Whether at Pro Tax or another financial institution be sure to ask the following questions when interviewing for a financial planner:
What experience do you have?
Find out how long the planner has been in practice and the number and types of companies with which she has been associated. Ask the planner to briefly describe her work experience and how it relates to her current practice. Choose a financial planner who has experience counseling individuals on their financial needs.
What are your qualifications?
The term "financial planner" is used by many financial professionals. Ask the planner what qualifies him to offer financial planning advice and whether he is recognized as a CERTIFIED FINANCIAL PLANNER™ professional or CFP® practitioner, a Certified Public Accountant/ Personal Financial Specialist (CPA/PFS), or a Chartered Financial Consultant (ChFC). Look for a planner who has proven experience in financial planning topics such as insurance, tax planning, investments, estate planning or retirement planning. Determine what steps the planner takes to stay current with changes and developments in the financial planning field. If the planner holds a financial planning designation or certification, check on his background with CFP Board or other relevant professional organizations.
What Services do you offer?
The services a financial planner offers depend on a number of factors including credentials, licenses and areas of expertise. Generally, financial planners cannot sell insurance or securities products such as mutual funds or stocks without the proper licenses, or give investment advice unless registered with state or federal authorities. Some planners offer financial planning advice on a range of topics but do not sell financial products. Others may provide advice only in specific areas such as estate planning or on tax matters.
What is your approach to financial planning?
Ask the financial planner about the type of clients and financial situations she typically likes to work with. Some planners prefer to develop one plan by bringing together all of your financial goals. Others provide advice on specific areas, as needed. Make sure the planner's viewpoint on investing is not too cautious or overly aggressive for you. Some planners require you to have a certain net worth before offering services. Find out if the planner will carry out the financial recommendations developed for you or refer you to others who will do so.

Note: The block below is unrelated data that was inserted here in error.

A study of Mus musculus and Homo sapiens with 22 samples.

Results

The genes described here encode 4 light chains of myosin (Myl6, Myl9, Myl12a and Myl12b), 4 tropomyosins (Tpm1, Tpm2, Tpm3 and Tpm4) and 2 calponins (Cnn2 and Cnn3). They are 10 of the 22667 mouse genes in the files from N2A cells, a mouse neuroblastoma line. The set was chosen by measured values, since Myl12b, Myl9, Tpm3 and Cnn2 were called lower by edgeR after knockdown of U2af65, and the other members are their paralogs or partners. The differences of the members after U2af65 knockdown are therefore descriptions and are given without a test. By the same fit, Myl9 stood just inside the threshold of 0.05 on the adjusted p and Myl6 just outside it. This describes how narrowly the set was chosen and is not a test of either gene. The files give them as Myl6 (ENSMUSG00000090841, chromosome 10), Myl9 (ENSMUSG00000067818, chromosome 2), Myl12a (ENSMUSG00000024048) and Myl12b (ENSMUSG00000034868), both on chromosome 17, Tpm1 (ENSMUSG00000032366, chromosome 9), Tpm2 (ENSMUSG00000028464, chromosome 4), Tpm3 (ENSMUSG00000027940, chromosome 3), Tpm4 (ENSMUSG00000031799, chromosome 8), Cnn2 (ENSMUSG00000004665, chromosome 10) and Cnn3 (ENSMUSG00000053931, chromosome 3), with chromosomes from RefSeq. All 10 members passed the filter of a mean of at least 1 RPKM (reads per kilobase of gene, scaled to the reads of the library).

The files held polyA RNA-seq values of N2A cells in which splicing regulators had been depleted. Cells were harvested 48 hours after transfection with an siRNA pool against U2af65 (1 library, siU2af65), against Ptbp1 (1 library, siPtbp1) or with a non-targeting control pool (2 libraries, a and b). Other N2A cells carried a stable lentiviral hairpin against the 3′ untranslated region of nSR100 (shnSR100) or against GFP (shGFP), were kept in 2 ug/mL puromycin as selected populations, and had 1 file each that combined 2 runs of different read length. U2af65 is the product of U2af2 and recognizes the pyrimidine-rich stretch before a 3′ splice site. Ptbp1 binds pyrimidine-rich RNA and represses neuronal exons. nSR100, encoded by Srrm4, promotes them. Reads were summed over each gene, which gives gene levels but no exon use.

How will I pay for your services?
As part of your financial planning agreement, the financial planner should clearly tell you in writing how she will be paid for the services to be provided.
Planners can be paid in several ways:
A salary paid by the company for which the planner works. The planner's employer receives payment from you or others, either in fees or commissions, in order to pay the planner's salary.
Fees based on an hourly rate, a flat rate, or on a percentage of your assets and/or income.
Commissions paid by a third party from the products sold to you to carry out the financial planning recommendations. Commissions are usually a percentage of the amount you invest in a product.
A combination of fees and commissions whereby fees are charged for the amount of work done to develop financial planning recommendations and commissions are received from any products sold. In addition, some planners may offset some portion of the fees you pay if they receive commissions for carrying out their recommendations.
How much do you typically charge?
While the amount you pay the planner will depend on your particular needs, the financial planner should be able to provide you with an estimate of possible costs based on the work to be performed. Such costs should include the planner's hourly rates or flat fees or the percentage he would receive as commission on products you may purchase as part of the financial planning recommendations.
Could anyone besides me benefit from your recommendations?
Some business relationships or partnerships that a planner has could affect her professional judgment while working with you, inhibiting the planner from acting in your best interest. Ask the planner to provide you with a description of her conflicts of interest in writing. For example, financial planners who sell insurance policies, securities or mutual funds have a business relationship with the companies that provide these financial products. The planner may also have relationships or partnerships that should be disclosed to you, such as business she receives for referring you to an insurance agent, accountant or attorney for implementation of planning suggestions.
When you’re making an important financial decision, who do you turn to? Pro Tax can help you with all your investment decisions and needs. Pro Tax Financial Services employs people who can help you make the right decision based on your values and goals. Our company’s approach is different than others. All of our asset managers hold the highly distinguished Certified Financial Planner™ designation. At Pro Tax your advisor won’t be a salesman and we don’t push products for commissions or sales kickbacks. Instead we charge an annual management fee based on 1.5% of the assets under management. Why do we charge this way? Well, most of the industry has migrated to this type of “asset based” fee structure. Having your financial advisor paid based on assets vs. the number of trades placed helps get rid of any conflict of interest. The only way your advisor makes more is if your account performs well, making the client/advisor relationship much more ethical.
To schedule an appointment with one of Pro Tax’s Certified Financial Planners™ call (480) 464-1040.